The U.S. Agency for International Development (USAID) on Friday announced that $57 million will be dedicated to urgently needed tuberculosis (TB) recovery efforts in seven high burden countries – South Africa, Bangladesh, India, Indonesia, the Philippines, Tajikistan, and Ukraine.
Alongside COVID-19, TB is the leading infectious disease killer, particularly in low- and middle-income countries, sickening ten million people and taking 1.4 million lives every year.
“To address the COVID-19 pandemic’s devastating impact on TB services, this assistance will strengthen simultaneous testing for both TB and COVID-19, improve TB diagnosis services, and identify TB cases through contact investigations and community screenings,” USAID said in a statement, adding that the commitment represents approximately 19 percent of its annual TB funding.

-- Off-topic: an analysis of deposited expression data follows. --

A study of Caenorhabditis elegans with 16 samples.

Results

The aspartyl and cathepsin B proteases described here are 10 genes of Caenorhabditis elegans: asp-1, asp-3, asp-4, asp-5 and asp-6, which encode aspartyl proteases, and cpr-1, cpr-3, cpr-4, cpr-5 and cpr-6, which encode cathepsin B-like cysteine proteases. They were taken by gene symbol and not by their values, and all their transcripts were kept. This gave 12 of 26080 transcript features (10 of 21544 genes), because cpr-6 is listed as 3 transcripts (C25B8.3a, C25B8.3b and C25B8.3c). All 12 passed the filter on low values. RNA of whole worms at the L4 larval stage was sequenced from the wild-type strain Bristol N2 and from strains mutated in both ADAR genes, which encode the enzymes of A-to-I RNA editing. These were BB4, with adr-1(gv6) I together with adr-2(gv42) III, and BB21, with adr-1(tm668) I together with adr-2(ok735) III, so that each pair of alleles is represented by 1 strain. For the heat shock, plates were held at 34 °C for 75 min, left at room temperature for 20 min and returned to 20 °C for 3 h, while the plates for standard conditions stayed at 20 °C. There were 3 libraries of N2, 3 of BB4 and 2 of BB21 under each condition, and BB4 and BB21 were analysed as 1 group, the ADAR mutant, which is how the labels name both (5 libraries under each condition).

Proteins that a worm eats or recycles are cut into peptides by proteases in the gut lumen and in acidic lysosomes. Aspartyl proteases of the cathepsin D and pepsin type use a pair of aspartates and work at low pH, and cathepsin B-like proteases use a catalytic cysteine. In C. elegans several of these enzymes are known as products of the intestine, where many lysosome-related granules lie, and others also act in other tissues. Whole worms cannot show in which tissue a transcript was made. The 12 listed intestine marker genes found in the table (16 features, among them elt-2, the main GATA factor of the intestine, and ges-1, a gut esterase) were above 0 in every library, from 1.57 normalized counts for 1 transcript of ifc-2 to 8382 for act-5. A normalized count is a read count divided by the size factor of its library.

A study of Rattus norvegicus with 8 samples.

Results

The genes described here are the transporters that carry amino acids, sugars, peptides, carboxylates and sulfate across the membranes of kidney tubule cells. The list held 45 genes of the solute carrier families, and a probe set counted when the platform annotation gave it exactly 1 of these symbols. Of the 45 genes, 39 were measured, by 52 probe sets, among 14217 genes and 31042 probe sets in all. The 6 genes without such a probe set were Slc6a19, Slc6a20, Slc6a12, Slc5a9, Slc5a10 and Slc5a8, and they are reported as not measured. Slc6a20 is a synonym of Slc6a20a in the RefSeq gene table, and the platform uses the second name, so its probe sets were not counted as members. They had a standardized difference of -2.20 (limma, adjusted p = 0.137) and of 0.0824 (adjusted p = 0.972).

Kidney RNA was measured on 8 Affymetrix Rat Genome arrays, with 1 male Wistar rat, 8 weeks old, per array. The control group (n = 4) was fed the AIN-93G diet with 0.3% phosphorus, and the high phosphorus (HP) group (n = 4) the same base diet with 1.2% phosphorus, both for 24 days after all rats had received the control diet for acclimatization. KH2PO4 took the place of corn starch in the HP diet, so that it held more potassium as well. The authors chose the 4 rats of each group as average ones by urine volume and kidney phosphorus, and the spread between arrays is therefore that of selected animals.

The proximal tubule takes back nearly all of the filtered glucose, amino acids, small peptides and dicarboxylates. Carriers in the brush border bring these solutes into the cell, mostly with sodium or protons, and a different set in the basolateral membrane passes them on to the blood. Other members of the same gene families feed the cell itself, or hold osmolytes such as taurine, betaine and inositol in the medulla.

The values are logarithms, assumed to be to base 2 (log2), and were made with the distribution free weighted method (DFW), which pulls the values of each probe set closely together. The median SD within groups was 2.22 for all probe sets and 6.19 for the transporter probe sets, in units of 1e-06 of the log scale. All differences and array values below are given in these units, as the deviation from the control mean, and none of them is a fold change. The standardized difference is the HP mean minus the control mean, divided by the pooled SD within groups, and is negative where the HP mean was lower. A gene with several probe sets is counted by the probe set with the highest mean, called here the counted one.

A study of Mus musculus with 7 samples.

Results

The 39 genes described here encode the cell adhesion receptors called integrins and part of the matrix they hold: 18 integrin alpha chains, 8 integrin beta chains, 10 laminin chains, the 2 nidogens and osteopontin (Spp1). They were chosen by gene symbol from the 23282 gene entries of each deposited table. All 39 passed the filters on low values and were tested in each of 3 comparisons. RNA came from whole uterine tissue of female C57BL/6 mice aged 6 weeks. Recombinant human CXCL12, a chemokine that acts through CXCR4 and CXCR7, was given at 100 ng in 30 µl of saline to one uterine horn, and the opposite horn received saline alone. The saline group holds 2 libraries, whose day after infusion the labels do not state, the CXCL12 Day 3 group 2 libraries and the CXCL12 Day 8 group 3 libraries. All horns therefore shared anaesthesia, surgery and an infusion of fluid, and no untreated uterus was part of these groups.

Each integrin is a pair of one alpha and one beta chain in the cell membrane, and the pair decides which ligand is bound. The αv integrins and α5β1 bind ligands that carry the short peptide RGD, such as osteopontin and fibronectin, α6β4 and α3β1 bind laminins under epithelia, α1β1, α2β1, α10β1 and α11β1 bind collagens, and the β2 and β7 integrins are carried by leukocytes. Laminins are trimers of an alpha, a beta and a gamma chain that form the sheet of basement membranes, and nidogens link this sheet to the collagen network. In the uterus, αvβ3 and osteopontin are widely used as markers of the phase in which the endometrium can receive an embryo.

Designed in collaboration with partner governments and the Global Fund to Fight AIDS, Tuberculosis and Malaria’s TB catch-up plans, these initiatives will provide a foundation for high burden countries to recover lost ground in the global effort to end TB due to the COVID-19 pandemic.
In the 23 countries where USAID focuses TB programming, one million fewer people had access to TB diagnosis and treatment in 2020 than in 2019, as a result of COVID-19 and measures to control it, a 23 percent decline.
“COVID-19’s far-reaching impact on the global TB response is projected to sicken an additional 6.3 million people with TB and cause an additional 1.4 million TB deaths by 2025. The pandemic’s toll puts the world’s poorest and most vulnerable populations at even more risk for both TB and COVID-19. People with COVID-19 and TB are about three times more likely to die than those with only TB,” USAID said.
It added that as the world’s largest bilateral donor leading the fight to end TB, “USAID remains committed to addressing both COVID-19 and TB, ultimately helping countries get back on track to putting 40 million people on TB treatment by 2022, a target set at the United Nations High-Level Meeting on TB.”
Since 2000, USAID and partners’ TB efforts are believed to have saved more than 60 million lives.